The four stages of competence

Meander
2 min readDec 21, 2022

The ‘conscious competence’ learning model is all about the psychological states we go through when learning a new skill, ranging from incompetence through to competence.

In this article, we’ll break down each of these stages and how you can make the journey right the way through to the holy grail: conscious competence. Also known as “killing it in my sleep”…

Stage one: Unconscious incompetence

Or, “I don’t know that I don’t know what I’m doing.”

Unconscious incompetence refers to an individual who does not understand or know how to do something but, crucially, also does not necessarily recognize that their competence is lacking in this area. In addition, such an individual might deny the usefulness of the skill in order to downplay their own inabilities.

At this stage, it’s important for the individual to become aware of their deficit in this area as well as the intrinsic value the new skill brings about before they can move on to the next stage. How long an individual stays at the unconscious incompetence level depends heavily on the strength of the stimulus to learn.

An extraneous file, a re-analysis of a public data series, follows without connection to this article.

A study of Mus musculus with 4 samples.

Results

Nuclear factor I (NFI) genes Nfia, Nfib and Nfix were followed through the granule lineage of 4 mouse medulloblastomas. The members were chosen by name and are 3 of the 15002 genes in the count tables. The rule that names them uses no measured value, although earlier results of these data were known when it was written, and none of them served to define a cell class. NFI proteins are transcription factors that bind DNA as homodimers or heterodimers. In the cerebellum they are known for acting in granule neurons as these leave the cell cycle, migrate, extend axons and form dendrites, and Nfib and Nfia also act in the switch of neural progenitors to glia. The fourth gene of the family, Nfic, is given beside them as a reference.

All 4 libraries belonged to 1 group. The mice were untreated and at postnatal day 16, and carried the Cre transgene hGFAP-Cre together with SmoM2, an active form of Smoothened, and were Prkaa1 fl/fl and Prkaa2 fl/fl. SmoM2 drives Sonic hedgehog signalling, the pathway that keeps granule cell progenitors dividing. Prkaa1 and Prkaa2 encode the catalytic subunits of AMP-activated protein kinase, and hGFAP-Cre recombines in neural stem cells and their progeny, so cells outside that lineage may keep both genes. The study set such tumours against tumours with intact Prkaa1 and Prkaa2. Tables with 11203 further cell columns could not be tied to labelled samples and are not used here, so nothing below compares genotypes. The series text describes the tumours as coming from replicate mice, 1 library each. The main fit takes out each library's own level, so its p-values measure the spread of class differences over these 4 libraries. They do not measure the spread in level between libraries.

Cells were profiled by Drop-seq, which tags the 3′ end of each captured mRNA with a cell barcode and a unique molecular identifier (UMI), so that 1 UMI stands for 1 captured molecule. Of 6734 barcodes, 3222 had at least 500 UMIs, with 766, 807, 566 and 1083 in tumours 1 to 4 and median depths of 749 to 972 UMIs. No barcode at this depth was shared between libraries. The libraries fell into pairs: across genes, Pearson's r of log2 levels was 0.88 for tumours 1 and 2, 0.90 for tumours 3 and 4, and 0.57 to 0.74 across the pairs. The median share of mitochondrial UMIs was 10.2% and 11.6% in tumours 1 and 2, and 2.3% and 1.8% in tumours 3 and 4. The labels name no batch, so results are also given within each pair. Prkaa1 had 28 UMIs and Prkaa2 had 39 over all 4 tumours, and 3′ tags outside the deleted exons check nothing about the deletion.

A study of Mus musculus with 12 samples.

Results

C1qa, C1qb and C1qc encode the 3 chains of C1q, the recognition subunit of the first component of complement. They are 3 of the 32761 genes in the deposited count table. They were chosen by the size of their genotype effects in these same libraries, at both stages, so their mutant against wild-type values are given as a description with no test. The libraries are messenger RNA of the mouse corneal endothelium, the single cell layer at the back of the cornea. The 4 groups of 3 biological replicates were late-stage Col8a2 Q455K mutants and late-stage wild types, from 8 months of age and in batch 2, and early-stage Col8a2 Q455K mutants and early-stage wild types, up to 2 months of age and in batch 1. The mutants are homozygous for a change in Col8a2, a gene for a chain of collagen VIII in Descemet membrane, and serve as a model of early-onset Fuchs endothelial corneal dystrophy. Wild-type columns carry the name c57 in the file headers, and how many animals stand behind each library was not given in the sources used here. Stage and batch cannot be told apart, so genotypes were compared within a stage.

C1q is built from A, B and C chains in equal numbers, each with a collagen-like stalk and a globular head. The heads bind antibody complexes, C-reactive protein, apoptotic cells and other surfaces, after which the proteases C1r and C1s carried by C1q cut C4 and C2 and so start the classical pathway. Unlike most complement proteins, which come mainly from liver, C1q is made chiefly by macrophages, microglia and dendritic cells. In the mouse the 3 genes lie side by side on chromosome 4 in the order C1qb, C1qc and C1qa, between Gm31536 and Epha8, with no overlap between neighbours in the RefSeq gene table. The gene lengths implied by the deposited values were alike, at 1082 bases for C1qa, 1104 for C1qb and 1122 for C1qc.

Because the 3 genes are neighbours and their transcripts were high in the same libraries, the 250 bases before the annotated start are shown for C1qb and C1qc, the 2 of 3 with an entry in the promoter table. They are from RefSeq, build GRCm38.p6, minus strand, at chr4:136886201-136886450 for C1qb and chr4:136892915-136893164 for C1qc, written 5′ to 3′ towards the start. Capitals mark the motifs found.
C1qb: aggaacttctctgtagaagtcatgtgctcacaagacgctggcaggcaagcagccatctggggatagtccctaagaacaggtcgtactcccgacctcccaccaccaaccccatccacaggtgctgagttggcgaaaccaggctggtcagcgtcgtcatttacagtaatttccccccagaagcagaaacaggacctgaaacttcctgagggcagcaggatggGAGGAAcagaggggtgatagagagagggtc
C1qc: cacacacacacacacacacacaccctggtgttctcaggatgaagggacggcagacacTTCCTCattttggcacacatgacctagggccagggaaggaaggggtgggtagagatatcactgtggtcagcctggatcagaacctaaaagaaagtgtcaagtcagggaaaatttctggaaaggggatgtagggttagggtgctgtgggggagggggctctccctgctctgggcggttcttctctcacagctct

Stage two: Conscious incompetence

Or, “Hmm, I don’t have this skill… I should probably learn it.”

By stage two, the individual has not only recognized their deficit in relation to a particular skill, they have also recognized the intrinsic value of learning it and addressing the deficit. A key element of stage two is the acceptance of mistake making.

Stage three: Conscious competence

Or, “I think I can do this, let’s see… yep. Nailed it.’

Once an individual has reached stage three, they have onboarded elements of the new skill and are able to demonstrate it. However, performing the skill is not automatic and the individual must think carefully when executing it; often breaking down the process into small, more manageable steps to reach their goal.

Stage four: Unconscious competence

Or, “Autopilot, baby!”

Stage four is the final stage of competence. The individual has performed the task or skill so many times that they can execute it automatically and with ease, even teaching it to others in some cases. Such is the individual’s level of expertise by the “unconscious competence” stage that they can perform this skill while busy with another task.

From the team leader’s perspective, the four levels of competence learning model is a useful tool for assessing the skills levels of the team and, in turn, providing personalized support, training, and education that meet the individual learning needs of team members, enabling them to learn new skills, and build on and maintain the skills they already have.

The four stages of competence model is also an important reminder to people managers that we can’t treat all team members (or mentees) in the same way; each individual is at a different stage in their learning and will therefore require varied levels of support and attention. As mentors, our goal is to help them identify which stage they are at and the cues for them to look out for that it’s time to progress to the next level.